The decision to stop drinking is a big one. It’s undoubtedly life-changing, in fact. It can also be extremely challenging, especially since drinking is often used as a coping mechanism, a stress reliever, and a social lubricant. A lot of feelings usually arise in the process of choosing an alcohol-free lifestyle. These feelings can run the gamut, too, from extreme gratitude to grief, moodiness to real confusion. Perhaps you’re considering getting a therapist as a result, but don’t know whether it’s a good idea for you.
Experts Jonathon Baillie, LPC NCC MAC, a licensed professional counselor and Dr. Moreen Rubin, a licensed clinical therapist weigh in on when and why it might be a good idea to seek therapy to support your alcohol-free journey.
Baillie says that, in part, the need for therapy can depend on how long someone drank and whether or not that person’s relationship with alcohol was unhealthy. If someone is dependent on alcohol to get through social situations, deal with getting through a typical day, or numb strong emotions, there might be underlying issues that therapy can help resolve.
Other factors to consider are the protective and support systems—a stable home, income, family, close friends, and habitual healthy activities—that one has in place. The less support or stability, the greater the need might be to get some mental and emotional help through therapy.
Dealing with Co-Occurring Disorders and Alcohol Use
Another reason to seek therapy is if there are underlying or co-occurring mental health issues, as Rubin shares. Co-occurring disorders can be anything from anxiety and depression to bipolar disorder or phobias.
“Alcohol is a numbing agent and it is usually used to numb emotional pain,” Rubin says. “If one stops using alcohol, the emotional pain from childhood issues, mental health issues like depression and anxiety, or trauma will likely start to surface.”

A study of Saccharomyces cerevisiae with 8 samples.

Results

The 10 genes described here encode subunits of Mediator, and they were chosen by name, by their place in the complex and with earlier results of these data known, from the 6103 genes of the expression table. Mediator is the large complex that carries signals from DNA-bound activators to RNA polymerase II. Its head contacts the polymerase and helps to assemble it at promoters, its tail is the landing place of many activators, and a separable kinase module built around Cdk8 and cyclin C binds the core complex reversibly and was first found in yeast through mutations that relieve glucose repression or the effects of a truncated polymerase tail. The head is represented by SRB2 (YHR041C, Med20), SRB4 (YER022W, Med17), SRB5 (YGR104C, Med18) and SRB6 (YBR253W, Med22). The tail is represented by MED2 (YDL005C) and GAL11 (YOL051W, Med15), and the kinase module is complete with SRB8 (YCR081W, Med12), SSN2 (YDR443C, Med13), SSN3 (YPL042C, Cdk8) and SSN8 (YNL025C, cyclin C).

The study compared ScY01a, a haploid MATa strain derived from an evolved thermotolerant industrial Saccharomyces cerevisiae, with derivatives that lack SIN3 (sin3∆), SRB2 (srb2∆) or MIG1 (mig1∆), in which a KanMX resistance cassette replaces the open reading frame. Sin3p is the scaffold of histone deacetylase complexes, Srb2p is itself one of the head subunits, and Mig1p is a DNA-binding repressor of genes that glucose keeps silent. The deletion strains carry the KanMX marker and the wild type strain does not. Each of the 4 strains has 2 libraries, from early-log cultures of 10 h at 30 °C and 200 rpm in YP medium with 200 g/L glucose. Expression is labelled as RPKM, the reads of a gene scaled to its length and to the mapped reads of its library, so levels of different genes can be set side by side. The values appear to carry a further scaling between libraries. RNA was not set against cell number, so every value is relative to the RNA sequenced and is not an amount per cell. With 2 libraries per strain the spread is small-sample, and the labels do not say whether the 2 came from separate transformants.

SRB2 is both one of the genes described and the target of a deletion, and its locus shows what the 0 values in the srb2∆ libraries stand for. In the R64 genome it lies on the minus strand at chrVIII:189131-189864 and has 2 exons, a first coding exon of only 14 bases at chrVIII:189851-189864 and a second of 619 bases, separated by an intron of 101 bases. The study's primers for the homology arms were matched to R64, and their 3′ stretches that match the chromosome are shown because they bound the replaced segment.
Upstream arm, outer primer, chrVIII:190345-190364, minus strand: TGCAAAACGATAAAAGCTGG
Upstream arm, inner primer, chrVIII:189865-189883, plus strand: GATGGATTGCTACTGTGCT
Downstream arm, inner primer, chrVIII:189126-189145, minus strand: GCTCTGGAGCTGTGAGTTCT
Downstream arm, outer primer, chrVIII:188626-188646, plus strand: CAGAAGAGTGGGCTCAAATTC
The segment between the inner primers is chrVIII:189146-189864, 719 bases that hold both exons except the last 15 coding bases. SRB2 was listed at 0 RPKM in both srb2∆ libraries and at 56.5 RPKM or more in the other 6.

The day-to-day symptoms and signs that you might need extra support through therapy are feeling isolated, hopeless, unhappy, anxious, or experiencing strong urges to drink.
Baillie says something similar. If someone is struggling to maintain abstinence from alcohol, this is one of the very clear signs that they need support/help in doing so. In addition, he points out that there are many potential causes of alcohol use disorder that surface more potently when drinking is no longer an option. Some of these include depression, anxiety, trauma, loneliness/isolation, adjustment issues, stress, or relationship struggles.
”Alcohol becomes an effective escape or means of coping with these issues because it's reliable, fast, and easy to do,” Baillie says.
Learning healthier and more effective ways to deal with these issues through therapeutic tools can relieve some of the burden of these issues, as well as offer new alternatives for coping.
Things to Think About When Choosing a Therapist
Rubin says in the case of quitting alcohol, it’s important to consider a therapist’s specialty when choosing someone to help you through this particular time.
“Therapy is extremely helpful in recovery, [but] not all therapists are trained in addiction recovery. It is a unique specialty with specialized training,” Rubin says.
Finding someone who has training and a deep understanding of addiction is very helpful.
“If you look up the definition of recovery in the dictionary, it says recovery means taking back something that was lost or stolen from you,” Rubin says, on a poetic note. “For most with addiction, what they are recovering is their authentic self.”
Therapy can help you in self-discovery, Rubin adds. It will help you figure out who you are without alcohol and guide you in accessing more of your authentic self. A good mental health and addiction professional can guide you through this in a safe, emotionally healing way.